Why So Downcast?
A funny thing happened on my way to bed several days ago. Not hilarious. Odd. Thought-provoking. Writing-provoking.
As I was scrolling through the 285 messages in junk mail to make sure something important hadn’t gone astray, a message flashed across the side of my screen: “Why are you so downcast my soul?” Before I had time to read more, the message disappeared. I stopped scrolling. That question had me by the throat.
I knew I was in a bad mood, but suddenly I realized it was more than that. My soul was downcast. Why? Because…
- I’m behind on the manuscript changes I owe my editor.
- my MS has slid downhill.
- I wasted an hour trying to correct a billing problem-the fourth time in two months
- my taxes are in a stack on the kitchen table.
Those answers, it turns out, were just the beginning. As my mind moved beyond my immediate concerns, more answers came. Because…
- a good friend can’t find affordable housing.
- politicians have forgotten the concept of compromise.
- children are hungry in Syrian refugee camps.
- we skipped winter in my state this year.
I stopped listing reasons. That question had struck a deep chord, but what made it pop up on my computer screen? I went to my email and found it in a message from Paul Stroble, letting me know the scripture verse he was focusing on in his reflection-Psalm 42:11.
An Age-Old Question
Bible scholars believe David composed Psalm 42 when he was fleeing from his son Absalom, about 1023 B.C. Eventually David’s question became part of the Hebrew song book and later our Old Testament, so people have been asking this question for at least 3,000 years. The answers vary from generation to generation, but the question remains.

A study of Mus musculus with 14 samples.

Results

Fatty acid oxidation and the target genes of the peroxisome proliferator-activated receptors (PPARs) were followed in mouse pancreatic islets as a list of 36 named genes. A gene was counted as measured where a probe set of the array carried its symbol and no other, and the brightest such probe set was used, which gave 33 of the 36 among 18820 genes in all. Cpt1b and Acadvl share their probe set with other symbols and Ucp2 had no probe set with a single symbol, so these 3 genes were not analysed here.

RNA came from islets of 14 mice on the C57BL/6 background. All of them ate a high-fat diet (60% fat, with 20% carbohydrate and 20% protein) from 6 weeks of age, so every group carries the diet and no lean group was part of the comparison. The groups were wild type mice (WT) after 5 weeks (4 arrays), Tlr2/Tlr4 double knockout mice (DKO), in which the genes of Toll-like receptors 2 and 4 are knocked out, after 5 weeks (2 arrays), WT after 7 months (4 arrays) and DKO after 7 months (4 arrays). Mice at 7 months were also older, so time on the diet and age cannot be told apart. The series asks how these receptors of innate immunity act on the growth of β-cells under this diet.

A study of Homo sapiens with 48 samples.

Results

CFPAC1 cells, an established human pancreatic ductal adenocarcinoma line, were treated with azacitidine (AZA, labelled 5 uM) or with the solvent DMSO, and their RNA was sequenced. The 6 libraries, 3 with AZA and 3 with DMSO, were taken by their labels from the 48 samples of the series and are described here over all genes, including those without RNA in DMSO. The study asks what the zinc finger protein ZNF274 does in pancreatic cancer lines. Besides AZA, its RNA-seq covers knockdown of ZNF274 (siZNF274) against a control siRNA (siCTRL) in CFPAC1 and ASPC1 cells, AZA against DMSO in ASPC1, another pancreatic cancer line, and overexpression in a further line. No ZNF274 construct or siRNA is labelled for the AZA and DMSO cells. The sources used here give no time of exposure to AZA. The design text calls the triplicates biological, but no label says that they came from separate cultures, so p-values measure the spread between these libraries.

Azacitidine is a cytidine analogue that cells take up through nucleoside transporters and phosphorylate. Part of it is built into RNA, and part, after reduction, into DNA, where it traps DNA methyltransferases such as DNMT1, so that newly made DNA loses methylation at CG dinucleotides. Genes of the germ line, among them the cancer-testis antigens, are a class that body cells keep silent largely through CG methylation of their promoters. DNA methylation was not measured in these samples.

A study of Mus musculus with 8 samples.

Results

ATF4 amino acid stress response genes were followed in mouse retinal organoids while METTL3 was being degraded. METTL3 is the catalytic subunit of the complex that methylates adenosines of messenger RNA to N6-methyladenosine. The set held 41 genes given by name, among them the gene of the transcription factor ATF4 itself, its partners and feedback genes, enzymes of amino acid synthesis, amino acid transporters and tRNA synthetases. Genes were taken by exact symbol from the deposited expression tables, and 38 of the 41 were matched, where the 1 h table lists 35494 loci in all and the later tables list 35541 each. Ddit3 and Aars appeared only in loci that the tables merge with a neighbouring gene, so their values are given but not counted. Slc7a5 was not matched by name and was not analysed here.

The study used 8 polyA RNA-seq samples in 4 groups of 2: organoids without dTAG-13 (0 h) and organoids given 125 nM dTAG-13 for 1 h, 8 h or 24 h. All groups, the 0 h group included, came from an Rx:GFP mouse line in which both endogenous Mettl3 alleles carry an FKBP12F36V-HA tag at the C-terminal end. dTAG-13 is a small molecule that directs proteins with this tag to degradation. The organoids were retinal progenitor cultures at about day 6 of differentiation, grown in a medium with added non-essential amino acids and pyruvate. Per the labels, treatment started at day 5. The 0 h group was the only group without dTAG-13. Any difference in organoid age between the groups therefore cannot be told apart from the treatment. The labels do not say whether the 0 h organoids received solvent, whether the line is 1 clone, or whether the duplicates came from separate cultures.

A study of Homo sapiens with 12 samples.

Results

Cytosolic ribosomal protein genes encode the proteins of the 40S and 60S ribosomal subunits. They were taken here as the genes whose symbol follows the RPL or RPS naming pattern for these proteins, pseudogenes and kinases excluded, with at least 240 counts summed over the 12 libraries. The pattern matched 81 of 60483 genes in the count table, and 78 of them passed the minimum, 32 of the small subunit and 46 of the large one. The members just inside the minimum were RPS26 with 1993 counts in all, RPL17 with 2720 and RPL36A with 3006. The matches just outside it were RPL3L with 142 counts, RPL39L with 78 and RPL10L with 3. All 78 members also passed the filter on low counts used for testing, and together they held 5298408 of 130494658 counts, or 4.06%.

Another translation, the Voice, asks the question this way: “Why am I so overwrought, Why am I so disturbed? Why can’t I just hope in God?” That’s the real question for me. I have years of experience of God’s care in distressing situations, so why can’t I just hope in God?
In Spite of Emotions
Like most psalms, Psalm 42 answers its central question at the end. The Voice answers this way: “Despite all my emotions, I will believe and praise the One who saves me, my God.” In other words, my emotions keep me from hoping in God.
Paul explains this way: “Rejoice in the Lord always…Do not worry about anything, but in everything by prayer and supplication with thanksgiving let your requests be made known to God. And the peace of God, which surpasses all understanding, will guard your hearts and your minds in Christ Jesus.” (Philippians 4:4-7)
Hillsong United, a music group, puts it like this: “And I will call upon Your name/And keep my eyes above the waves/When oceans rise/My soul will rest in Your embrace/For I am Yours and You are mine.” [Oceans (Where Feet May Fail)]
We have a choice. When we find our souls downcast, we can stay discouraged, or we can pray with thanksgiving. We can despair, or we can praise God. We can be depressed, or we can rest in God’s embrace. In spite of our emotions, we can hope in God.
Dear God, When I am downcast, help me praise You, knowing You will save me. Help me hope in You. Amen.